Arts & Life
Canstar Community News
Work by a group of recent Sisler High School graduates will soon be streaming on Netflix — and the short film could be an Oscar contender.
"It’s crazy, honestly," says Sisler alum Anjali Sidhu. "We’re all just really appreciative of the fact that we’ve even gotten this opportunity."
Sidhu, 19, is one of five Sisler graduates selected to collaborate on a five-second animation for Cops and Robbers, an adaptation of Timothy Ware-Hill’s spoken word poem of the same name.
The Broadway performer shared the poem online after 25-year-old Ahmaud Arbery, a Black man, was shot and killed in Glynn County, Georgia, by a white man while he was out for a run. In the original post, Ware-Hill is seen jogging through a residential area while reciting lines about innocence lost, racial injustice and police brutality.
American filmmaker Arnon Manor reached out to Ware-Hill about turning the video into an animated film, which was picked up this week by Netflix, along with two other shorts for Oscar consideration.
In June, the co-directors invited more than 30 international animators and production companies to participate. Sisler got involved after Jan Phillip Cramer, of Avengers: Endgame and Avatar fame, put in a good word.
Cramer visited Winnipeg in 2019 to give a talk to students in the school’s Create Program — a free, post-graduation credit program offering a year of additional learning in animation, film, game development and graphic design.
"He absolutely fell in love with our students and our program," says Jamie Leduc, Sisler animation teacher and head of the Create Program. "He vouched that our students were capable of doing this quality of work."
Sidhu and her classmates, John Hildawa, Chantal Philippot, Aaron Raymundo and Matthew Tardaguila, spent a month creating an animation inspired by one line of the poem. The young artists regularly got feedback from Manor and Ware-Hill during video chats.
"It was just a really cool experience getting to work with them on it, because they were really good leaders," Sidhu says. "They never changed our idea, they always just added on to it."
Those virtual conversations were enlightening for everyone involved.
"Timothy brought us a lot of the history of the civil unrest that was happening in America," says Sisler teacher Bernard Alibudbud, who assisted with the project. "When he was sharing his story, or the stories of what was happening, it just connected with the students, who really wanted to… do justice to this (five-second) animation."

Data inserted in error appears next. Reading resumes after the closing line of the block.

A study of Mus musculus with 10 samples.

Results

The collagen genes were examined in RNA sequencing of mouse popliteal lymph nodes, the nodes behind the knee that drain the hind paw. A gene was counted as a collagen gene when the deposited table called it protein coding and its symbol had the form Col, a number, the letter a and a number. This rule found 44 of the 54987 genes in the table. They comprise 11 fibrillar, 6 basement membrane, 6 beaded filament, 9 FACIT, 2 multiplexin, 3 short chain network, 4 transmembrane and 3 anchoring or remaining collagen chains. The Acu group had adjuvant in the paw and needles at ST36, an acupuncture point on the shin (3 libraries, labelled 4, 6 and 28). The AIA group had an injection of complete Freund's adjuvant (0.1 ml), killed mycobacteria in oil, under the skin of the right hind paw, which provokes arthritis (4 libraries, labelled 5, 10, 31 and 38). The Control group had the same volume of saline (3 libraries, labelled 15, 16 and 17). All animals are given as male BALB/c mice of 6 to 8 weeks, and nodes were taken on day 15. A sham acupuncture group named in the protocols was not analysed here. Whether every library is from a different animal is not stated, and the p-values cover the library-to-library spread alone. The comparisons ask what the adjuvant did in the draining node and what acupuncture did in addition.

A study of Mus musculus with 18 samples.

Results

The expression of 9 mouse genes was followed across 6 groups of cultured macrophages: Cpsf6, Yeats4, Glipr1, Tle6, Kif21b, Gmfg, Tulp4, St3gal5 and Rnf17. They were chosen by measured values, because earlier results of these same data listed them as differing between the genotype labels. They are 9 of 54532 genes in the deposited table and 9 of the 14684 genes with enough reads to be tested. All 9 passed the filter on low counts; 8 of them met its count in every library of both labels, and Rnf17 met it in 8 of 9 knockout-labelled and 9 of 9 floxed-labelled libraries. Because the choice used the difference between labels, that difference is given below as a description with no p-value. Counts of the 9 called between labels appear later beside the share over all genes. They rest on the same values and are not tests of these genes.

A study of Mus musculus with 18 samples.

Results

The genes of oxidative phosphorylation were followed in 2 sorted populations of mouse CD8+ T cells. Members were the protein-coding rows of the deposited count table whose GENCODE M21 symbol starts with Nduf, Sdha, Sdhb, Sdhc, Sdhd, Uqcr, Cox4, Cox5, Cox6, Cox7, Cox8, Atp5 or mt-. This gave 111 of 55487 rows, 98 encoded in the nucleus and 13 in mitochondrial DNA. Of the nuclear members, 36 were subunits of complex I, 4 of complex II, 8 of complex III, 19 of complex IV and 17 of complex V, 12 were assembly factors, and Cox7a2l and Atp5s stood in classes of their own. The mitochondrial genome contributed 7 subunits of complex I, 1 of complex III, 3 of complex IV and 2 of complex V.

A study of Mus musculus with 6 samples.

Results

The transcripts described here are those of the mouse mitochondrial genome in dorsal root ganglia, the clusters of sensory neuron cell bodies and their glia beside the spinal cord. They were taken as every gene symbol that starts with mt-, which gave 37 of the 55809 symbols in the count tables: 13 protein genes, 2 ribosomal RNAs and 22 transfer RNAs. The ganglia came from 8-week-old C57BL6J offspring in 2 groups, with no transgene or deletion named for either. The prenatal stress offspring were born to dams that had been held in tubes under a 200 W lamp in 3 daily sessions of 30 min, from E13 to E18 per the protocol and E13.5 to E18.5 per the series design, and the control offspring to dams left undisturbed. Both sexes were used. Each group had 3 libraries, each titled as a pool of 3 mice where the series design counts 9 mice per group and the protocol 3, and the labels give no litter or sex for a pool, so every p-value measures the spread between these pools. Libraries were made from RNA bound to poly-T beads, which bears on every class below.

The concept the students settled on for their scene was to show a white woman passing through a Black woman on the sidewalk as if she were invisible.
"We wanted to just take an everyday kind of instance, and show that even in the smallest instance (racism) is just not seen," Sidhu says.
The animation was woven together with the other submissions. Hollywood heavyweights such as Pulp Fiction producer Lawrence Bender and actor Jada Pinkett Smith also got involved in the film, which doesn’t have a Netflix release date yet.
The project has been a career highlight for teachers Alibudbud and Leduc.
"There’s so much passion in this industry and it’s great for our students to see because they realize that there’s not (only) the potential of working for a studio in the future," Leduc says. "But they can actually make a difference in society."
Sidhu is working at her first job out of school as a producer’s assistant at a local production company, julijette inc. She’s excited about the future.
"The fact that our voices are being heard, and we’re allowed these opportunities means the world to us," Sidhu said. "We are just at the beginning of our careers and knowing that people have our back, and they believe in us, makes it easier for us to believe in us."
Eva Wasney is a reporter for the Winnipeg Free Press.
Updated on Saturday, October 17, 2020 at 11:41 AM CDT: Correction: In an earlier version of this story it was wrongly stated that 25-year-old Ahmaud Arbery was killed by police while out on a run. Arbery was killed by a fellow Georgia resident.